Twins get walk-off win from hot-hitting rookie Danny Valencia


Despite shutting out the Tigers for seven innings last night Francisco Liriano was denied his 13th win when the Twins’ bullpen couldn’t hold a 1-0 lead, but rookie third baseman Danny Valencia delivered a walk-off single in the 10th inning to give Minnesota the victory anyway.
Valencia began the season at Triple-A and was hitting just .292/.347/.373 with zero homers in 49 games when the Twins called him up in early June. At the time he was expected to simply provide an extra body for a few days while Michael Cuddyer was on bereavement leave, but three months later Valencia is still in the majors. And he’s hitting .332.
He’s continued to show little power after the homerless stretch at Triple-A, managing just two long balls in 208 at-bats with the Twins, but Valencia does have 16 doubles and a .332 batting average tends to make up for a lack of other things. Plus, he’s been significantly better than expected defensively, showing good range and an excellent arm at third base despite the Twins publicly questioning his glove this spring.
Valencia obviously won’t keep hitting .330, but as the batting average comes back down to earth his power should rise–prior to this season he smacked 19 homers per 150 games in the minors–and his unexpected contributions have been a big part of the Twins ability to thrive without Justin Morneau for the past two months.

MVP or not, Mike Trout’s place in history is secure

Mike Trout

Trout has now either won the MVP or (presumably) finished runner-up at age 20, age 21, age 22, and age 23. And there were certainly cases to be made that he was deserving of all four MVP awards. It’s been an incredible start to a career. But how incredible?

Here are the all-time leaders in Wins Above Replacement through age 23:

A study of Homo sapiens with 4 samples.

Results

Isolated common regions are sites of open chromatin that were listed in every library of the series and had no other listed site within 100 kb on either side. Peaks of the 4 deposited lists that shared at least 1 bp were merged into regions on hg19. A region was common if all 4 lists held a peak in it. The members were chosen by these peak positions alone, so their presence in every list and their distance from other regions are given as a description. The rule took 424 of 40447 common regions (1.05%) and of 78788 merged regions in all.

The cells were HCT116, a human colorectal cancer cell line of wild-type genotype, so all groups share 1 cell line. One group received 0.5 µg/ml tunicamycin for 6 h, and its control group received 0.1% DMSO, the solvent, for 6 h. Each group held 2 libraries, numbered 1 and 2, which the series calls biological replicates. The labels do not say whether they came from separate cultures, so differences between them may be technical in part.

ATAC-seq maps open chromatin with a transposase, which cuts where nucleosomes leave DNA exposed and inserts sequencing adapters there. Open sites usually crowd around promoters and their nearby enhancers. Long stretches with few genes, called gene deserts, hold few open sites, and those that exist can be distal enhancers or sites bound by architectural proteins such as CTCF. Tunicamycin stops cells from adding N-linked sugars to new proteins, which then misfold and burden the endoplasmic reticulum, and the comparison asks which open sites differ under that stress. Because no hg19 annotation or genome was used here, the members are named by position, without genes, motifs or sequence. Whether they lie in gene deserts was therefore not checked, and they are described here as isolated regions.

37.6 – Mike Trout
36.0 – Ty Cobb
34.2 – Ted Williams
31.4 – Mel Ott
30.1 – Ken Griffey Jr.
29.7 – Mickey Mantle
27.7 – Alex Rodriguez
27.5 – Al Kaline
26.7 – Arky Vaughan
26.5 – Rogers Hornsby

I mean, just look at the 10 names on that list. Ridiculous, and Trout sits atop all of them.

Trout has been the subject of intense MVP-related debates in three of his four seasons, but regardless of which side of that coin you favor don’t let it obscure the fact that we’re witnessing something truly special here. There’s certainly room to quibble with the exact rankings–WAR is merely one prominent and easy way to do such things–but however you slice it Trout has been one of the best handful of players in the history of baseball through age 23.

Orioles say re-signing Chris Davis is “a top priority”

Chris Davis

Now that the season is over and Davis had another monster year Orioles executive vice president Dan Duquette told Eduardo Encina of the Baltimore Sun that re-signing Davis is “a top priority” and added:

He’s had a great year and he’s been a great player for us, so obviously, we’d like to have him back. Whether we can do that in the market, that remains to be seen, but we’re going to try.

Davis is 29 years old, has some defensive versatility, and has led the league in homers in two of the past three seasons while posting an .891 OPS during that time. He’s going to get plenty of huge multi-year offers and based on some of Duquette’s other quotes within Encina’s article it sure sounds like the Orioles are preparing for life without him.